On February 18, 2016 the Brazilian Patent & Trademark Office -BPTO enacted Resolution No. 161, regarding the disclaimer adopted in trademark registrations, in an attempt to standardize and bring transparency to the decisions rendered in the trademark application procedures.
The disclaimer of a mark is nothing more than a way to define the scope of protection granted by the registration. As an example of disclaimer, we could mention the hypothetical registration for trademark “EYE CLINIC SEROPÉDICA”, to identify medical services. In this case, the BPTO granted the registration with the disclaimer “without the exclusive right of use for the expression 'eye clinic'”. For more than 30 years, the BPTO has debated with IP specialists the possibility of no longer making this kind of disclaimer on the registrations, but there was always the fear that the absence of the disclaimer would cause more harm than benefit.
Trademark infringement actions can be proposed in any state civil court, in all Brazilian territory, but the unfamiliarity of the judges with IP Law could make the Courts unduly grant preliminary injunctions to cease the use of signs or expressions of common use, as it has already happened in the past, in cases in which the correct disclaimer was not made. The new Resolution tries to find a creative solution to this problem, but it seems to us that this might not be the right pathto follow.
From now on, as foreseen on art. 2 of the new Resolution, the BPTO will stop inserting the traditional case by case basis disclaimers, and will adopt a standard disclaimer, that will be inserted in all trademark certificates, in order to teach to anyone who reads the certificate, didactically, the correct scope of protection of the mark. As a positive
aspect of the new system we could point out that, with this new rule, the BPTO will avoid the risk of making discrepant decisions in similar cases, and we hope that it will also accelerate the analysis of trademark applications.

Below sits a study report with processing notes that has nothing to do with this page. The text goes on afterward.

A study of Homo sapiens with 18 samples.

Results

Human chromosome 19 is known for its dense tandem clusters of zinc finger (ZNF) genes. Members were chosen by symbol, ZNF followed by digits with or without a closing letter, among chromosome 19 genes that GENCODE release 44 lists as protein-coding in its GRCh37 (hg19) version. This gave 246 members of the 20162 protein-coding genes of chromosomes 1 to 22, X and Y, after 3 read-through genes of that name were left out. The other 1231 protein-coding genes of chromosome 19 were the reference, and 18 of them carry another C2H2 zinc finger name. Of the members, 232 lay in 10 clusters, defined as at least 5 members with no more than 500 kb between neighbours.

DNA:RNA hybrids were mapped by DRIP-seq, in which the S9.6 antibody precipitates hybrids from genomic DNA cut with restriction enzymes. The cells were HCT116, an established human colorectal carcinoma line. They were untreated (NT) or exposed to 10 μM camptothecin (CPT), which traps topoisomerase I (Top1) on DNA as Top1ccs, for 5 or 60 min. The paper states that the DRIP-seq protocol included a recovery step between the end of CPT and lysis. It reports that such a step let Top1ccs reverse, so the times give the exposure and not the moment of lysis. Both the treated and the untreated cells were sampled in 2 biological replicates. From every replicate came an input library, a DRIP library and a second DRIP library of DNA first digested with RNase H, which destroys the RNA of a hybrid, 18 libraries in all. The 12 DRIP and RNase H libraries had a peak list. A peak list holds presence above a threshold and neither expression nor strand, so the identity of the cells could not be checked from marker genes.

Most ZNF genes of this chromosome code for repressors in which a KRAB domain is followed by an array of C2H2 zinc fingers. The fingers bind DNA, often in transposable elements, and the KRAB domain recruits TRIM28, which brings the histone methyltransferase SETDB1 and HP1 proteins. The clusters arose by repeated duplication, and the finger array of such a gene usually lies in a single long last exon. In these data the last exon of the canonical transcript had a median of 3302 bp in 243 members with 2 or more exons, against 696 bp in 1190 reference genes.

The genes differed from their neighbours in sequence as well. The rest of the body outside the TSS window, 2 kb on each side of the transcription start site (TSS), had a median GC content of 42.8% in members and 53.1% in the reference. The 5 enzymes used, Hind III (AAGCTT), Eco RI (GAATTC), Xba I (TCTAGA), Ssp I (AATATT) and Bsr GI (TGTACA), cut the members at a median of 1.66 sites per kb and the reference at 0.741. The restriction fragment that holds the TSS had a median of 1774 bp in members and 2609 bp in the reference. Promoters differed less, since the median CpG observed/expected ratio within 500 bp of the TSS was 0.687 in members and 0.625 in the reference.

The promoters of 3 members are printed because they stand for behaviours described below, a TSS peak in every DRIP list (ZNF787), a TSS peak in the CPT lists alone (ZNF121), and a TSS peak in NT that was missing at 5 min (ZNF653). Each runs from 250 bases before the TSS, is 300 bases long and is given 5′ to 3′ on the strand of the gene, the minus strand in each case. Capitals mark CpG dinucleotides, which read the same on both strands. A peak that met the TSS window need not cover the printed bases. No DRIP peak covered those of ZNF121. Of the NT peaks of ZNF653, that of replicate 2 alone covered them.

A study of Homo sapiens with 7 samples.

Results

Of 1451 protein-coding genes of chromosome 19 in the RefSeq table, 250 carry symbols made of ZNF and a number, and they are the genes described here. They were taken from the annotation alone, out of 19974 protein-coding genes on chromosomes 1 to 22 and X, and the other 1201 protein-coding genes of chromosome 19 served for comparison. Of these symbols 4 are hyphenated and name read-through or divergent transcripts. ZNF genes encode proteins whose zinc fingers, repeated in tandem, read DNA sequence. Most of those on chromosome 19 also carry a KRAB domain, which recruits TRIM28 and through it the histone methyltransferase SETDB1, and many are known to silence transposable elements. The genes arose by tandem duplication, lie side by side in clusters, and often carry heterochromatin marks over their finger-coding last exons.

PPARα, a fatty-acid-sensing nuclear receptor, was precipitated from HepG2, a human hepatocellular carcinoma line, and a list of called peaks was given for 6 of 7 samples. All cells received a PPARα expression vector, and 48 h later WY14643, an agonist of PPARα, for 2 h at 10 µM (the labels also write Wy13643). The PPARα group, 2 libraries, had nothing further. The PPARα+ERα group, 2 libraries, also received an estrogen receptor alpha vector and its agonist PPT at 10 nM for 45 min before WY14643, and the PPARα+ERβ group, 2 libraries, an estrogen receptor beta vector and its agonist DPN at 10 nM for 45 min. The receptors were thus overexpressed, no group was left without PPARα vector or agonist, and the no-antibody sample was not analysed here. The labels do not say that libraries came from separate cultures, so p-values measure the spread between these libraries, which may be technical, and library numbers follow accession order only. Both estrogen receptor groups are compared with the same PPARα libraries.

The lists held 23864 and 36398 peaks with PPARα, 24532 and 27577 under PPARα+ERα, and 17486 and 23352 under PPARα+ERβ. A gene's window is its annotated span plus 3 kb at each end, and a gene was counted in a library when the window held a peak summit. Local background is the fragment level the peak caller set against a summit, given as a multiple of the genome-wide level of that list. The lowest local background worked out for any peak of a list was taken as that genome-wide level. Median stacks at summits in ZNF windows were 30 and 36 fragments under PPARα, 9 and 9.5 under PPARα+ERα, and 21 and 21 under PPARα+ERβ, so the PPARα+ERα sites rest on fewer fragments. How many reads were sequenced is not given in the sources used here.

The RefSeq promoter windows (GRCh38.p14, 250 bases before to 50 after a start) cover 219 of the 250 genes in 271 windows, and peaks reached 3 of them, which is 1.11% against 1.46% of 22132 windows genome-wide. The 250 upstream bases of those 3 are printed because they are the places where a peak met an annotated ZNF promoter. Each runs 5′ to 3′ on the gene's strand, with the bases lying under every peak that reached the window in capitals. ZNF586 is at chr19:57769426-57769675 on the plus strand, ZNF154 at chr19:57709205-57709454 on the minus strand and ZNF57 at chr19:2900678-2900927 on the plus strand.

Accordingly, the following standard disclaimer will be inserted in all trademark certificates, as foreseen on art. 3 of this Resolution:
“The protection granted by this trademark registration, taking into consideration what is foreseen on Section 124, items II, VI, VII, XVIII e XXI, of Law No. 9.279, of May 14, 1996, will not forbid third parties to use the following terms, that may be part of this trademark, in their real
meaning or in the composition of other marks that differ from this one in their entirety:
a) a letter, a digit or a date;
b) sign of a generic, necessary, common, usual or simply descriptive character, when related to the product or service specified on the registration;
c) sign commonly used to designate a characteristic of the product orservice specified in the registration, with respect to its nature, nationality, weight, value, quality and time of production or of giving a service;
d) colors and its names;
e) a technical term used in the industry, science and art, when related to the products or services to be distinguished;
f) the necessary, common or usual shapes of a product or of its packaging, or, furthermore, shapes that cannot be disassociated from a technical effect.”
As this long explanatory text will be inserted in the certificates of all trademark registrations granted by the BPTO, this Office is in fact avoiding a more thorough analysis of each case and a clear designation of the scope of protection granted by each registration. In other words,
instead of what is said in the Resolution, the BPTO is not adopting a standard disclaimer but in fact, it is stopping to make such disclaimers at all. The issues that, up to now, were discussed in the administrative sphere before that Office will, from now on, be settled by the Courts, on
a case by case basis. Therefore, we fear that a disclaimer that says a lot and, at the same time, does not say anything, will bring more legal uncertainty.
Resolution No. 161/2016 is in force as from the date of its publication on Official Gazette No. 2355 of February 23, 2016.